Þingvellir (Thingvellir) is the National Park where the Althing, an open-air assembly representing the whole of Iceland, was established in 930 and continued to meet until 1798. Over two weeks a year, the assembly set laws – seen as a covenant between free men – and settled disputes. The Althing has deep historical and symbolic associations for the people of Iceland. The property includes the Þingvellir National Park and the remains of the Althing itself: fragments of around 50 booths built from turf and stone. Remains from the 10th century are thought to be buried underground. The site also includes remains of agricultural use from the 18th and 19th centuries. The park shows evidence of the way the landscape was husbanded over 1,000 years.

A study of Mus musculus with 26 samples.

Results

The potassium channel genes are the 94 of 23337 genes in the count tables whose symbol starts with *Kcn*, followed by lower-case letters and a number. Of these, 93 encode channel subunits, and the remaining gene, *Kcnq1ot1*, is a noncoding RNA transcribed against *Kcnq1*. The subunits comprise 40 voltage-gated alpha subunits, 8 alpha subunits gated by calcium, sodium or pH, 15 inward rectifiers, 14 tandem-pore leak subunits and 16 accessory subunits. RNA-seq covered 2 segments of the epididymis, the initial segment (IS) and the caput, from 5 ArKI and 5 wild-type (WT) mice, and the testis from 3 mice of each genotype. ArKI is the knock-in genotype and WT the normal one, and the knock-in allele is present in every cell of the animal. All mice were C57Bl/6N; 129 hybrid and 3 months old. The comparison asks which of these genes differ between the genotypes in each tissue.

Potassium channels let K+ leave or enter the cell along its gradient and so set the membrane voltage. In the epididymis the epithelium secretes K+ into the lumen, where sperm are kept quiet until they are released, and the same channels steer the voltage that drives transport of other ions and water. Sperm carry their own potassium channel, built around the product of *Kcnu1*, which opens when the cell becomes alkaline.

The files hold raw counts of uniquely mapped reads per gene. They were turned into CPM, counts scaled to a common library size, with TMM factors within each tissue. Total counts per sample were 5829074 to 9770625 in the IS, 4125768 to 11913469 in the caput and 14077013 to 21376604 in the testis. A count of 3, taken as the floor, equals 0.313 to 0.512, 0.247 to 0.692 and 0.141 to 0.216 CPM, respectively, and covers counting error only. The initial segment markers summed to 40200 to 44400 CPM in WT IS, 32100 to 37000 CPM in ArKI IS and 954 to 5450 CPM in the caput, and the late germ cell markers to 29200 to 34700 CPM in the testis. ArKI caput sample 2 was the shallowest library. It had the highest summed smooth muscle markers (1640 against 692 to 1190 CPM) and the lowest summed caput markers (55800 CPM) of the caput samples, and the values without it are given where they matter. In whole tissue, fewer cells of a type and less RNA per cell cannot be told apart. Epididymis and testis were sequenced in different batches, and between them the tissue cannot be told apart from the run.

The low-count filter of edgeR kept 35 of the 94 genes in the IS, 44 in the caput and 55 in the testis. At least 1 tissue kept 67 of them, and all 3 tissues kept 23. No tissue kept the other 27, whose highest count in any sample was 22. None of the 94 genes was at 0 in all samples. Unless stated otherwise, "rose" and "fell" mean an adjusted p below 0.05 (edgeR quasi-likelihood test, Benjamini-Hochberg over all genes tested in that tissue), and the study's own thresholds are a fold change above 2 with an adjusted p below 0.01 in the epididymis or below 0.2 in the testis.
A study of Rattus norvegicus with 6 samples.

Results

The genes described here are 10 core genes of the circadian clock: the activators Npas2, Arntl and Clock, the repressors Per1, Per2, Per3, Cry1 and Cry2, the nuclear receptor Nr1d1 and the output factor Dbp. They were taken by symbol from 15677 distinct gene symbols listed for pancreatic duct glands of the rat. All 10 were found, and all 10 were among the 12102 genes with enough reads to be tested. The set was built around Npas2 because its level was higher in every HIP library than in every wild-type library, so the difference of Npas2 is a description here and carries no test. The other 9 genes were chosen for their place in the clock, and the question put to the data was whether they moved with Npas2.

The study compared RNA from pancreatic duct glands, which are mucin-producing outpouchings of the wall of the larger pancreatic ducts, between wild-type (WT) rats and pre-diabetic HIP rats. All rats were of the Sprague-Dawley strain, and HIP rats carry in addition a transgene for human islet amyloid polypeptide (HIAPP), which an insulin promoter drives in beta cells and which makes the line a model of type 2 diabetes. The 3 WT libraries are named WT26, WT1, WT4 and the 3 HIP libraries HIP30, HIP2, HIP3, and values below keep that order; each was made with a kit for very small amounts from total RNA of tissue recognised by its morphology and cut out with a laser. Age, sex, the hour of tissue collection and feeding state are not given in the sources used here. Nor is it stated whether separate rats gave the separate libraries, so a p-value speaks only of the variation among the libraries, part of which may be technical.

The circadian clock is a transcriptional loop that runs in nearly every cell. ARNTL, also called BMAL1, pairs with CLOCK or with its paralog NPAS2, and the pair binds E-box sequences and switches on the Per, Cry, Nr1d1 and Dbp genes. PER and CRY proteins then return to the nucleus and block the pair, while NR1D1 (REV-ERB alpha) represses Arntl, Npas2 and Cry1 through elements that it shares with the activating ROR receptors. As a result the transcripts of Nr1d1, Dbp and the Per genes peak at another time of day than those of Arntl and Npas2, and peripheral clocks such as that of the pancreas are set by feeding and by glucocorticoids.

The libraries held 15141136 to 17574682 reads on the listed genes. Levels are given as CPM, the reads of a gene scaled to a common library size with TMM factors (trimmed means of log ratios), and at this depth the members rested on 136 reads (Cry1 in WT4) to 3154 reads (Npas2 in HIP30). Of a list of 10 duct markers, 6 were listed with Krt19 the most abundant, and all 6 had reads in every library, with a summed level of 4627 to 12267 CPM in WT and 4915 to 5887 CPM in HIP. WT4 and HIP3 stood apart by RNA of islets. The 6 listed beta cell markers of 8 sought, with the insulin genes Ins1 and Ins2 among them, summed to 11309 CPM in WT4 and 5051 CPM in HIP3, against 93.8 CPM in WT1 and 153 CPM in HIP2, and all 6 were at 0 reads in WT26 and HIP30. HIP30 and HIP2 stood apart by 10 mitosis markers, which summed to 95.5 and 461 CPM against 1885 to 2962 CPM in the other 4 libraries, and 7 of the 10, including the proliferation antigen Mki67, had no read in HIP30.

Criteria for inclusion as a World Heritage Site
|iii||To bear a unique or at least exceptional testimony to a cultural tradition or to a civilization which is living or which has disappeared.||All|
|vi||To be directly or tangibly associated with events or living traditions, with ideas, or with beliefs, with artistic and literary works of outstanding universal significance. (The Committee considers that this criterion should preferably be used in conjunction with other criteria).||All|
|Hveragerdi Bus Stop||2019||29.6km||site_ao|
|Haukadalur Geothermal Field||2016||36km||site_ao|
|Iceland’s Geothermal Tomato Greenhouse||2018||29.9km||site_ao|
|Iceland’s National Sport Is ‘Trouser Grip’ Wrestling||2017||36.1km||site_ao|
|Grave of Bobby Fischer||2018||34.3km||site_ao|
About the source: UNESCO
Within UNESCO's broad remit, this specialised agency of the UN works towards international cooperation agreements to secure the world's cultural and natural heritage, designating venues of exceptional value as World Heritage Sites.